This Hacker Fights Back Against Phone Scammers

Dramatic interpretation of a hacker plying his trade

AARP recently published a fascinating investigative report of how one man, alias Jim Browning, fights back against phone scammers who often prey on the elderly. The story is behind the Apple News+ paywall but I was able to access it without a subscription using this link someone sent me.

Scamming the Scammers

During the day, Jim is a software engineer at a consulting firm. At night, he retreats to his command center and helps stop phone fraud. Phone scammers in countries like India are rampant, swindling money out of thousands of people. Jim began his journey in 2014 when he kept receiving dozens of robocalls. Finally, he decided to answer and play along.

The person who answered asked if he could access Jim’s computer to diagnose the problem. Jim granted access, but he was ready; he had created a “virtual computer” within his computer, a walled-off digital domain that kept Jim’s personal information and key operations safe and secure. As he played along with the caller, Jim recorded the conversation and activity on his Trojan horse setup to find out what he was up to. It took mere moments to confirm his hunch: It was a scam.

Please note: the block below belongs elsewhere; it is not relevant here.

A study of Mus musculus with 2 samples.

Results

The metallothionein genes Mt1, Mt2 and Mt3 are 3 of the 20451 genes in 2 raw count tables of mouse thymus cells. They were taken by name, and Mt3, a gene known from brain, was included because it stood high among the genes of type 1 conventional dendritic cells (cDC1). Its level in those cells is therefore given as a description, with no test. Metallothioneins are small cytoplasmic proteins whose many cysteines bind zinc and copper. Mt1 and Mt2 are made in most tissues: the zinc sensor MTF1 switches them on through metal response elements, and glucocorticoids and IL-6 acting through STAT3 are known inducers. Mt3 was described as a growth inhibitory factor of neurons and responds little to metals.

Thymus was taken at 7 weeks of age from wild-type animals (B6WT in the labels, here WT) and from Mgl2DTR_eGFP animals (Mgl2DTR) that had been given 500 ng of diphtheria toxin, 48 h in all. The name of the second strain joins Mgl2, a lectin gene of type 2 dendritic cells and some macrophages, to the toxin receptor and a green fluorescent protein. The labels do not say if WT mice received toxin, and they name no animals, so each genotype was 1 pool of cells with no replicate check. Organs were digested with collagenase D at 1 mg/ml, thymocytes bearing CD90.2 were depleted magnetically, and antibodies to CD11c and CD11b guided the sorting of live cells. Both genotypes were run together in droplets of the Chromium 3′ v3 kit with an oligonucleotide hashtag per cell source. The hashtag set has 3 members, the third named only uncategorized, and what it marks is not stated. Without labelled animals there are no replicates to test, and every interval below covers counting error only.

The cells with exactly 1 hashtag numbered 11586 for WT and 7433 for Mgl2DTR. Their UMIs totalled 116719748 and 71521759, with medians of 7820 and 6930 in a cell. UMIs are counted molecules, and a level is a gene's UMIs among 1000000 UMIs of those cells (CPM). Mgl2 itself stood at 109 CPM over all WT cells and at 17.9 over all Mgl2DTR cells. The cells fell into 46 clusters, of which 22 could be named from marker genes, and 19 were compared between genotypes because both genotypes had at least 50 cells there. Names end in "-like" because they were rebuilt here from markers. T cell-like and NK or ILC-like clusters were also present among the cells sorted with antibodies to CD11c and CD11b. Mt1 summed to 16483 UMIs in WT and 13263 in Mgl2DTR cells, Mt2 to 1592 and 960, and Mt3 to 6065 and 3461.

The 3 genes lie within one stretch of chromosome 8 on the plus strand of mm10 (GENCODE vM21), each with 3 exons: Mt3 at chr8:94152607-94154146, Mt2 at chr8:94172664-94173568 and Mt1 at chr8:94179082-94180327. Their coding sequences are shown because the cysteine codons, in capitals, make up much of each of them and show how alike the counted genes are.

Jim then made this a routine, hacking into the scammers’ computers, recording their activities, then uploading their conversations with victims to YouTube. But that wasn’t enough. As he began to witness their crimes in real time he wanted to take action. So he began warning victims, their banks, carriers like FedEx unknowingly tasked with sending cash to the scammers, and law enforcement.

By hacking into computers Jim’s actions are illegal, but law enforcement usually turns a blind eye to vigilantes “as long they don’t ‘cross the line’ and use the information they gather for nefarious purposes.”

I know that law enforcement probably wouldn’t approve of what I do. But almost every time I pass on information they tell me they are grateful and say, ‘Keep doing what you are doing.’

It’s rare for law enforcement themselves to hack into computers like Jim does, as electronic wiretapping rules are restrictive. For now, we can rely on people like Jim until governments can find a way to regulate and fight these scammers.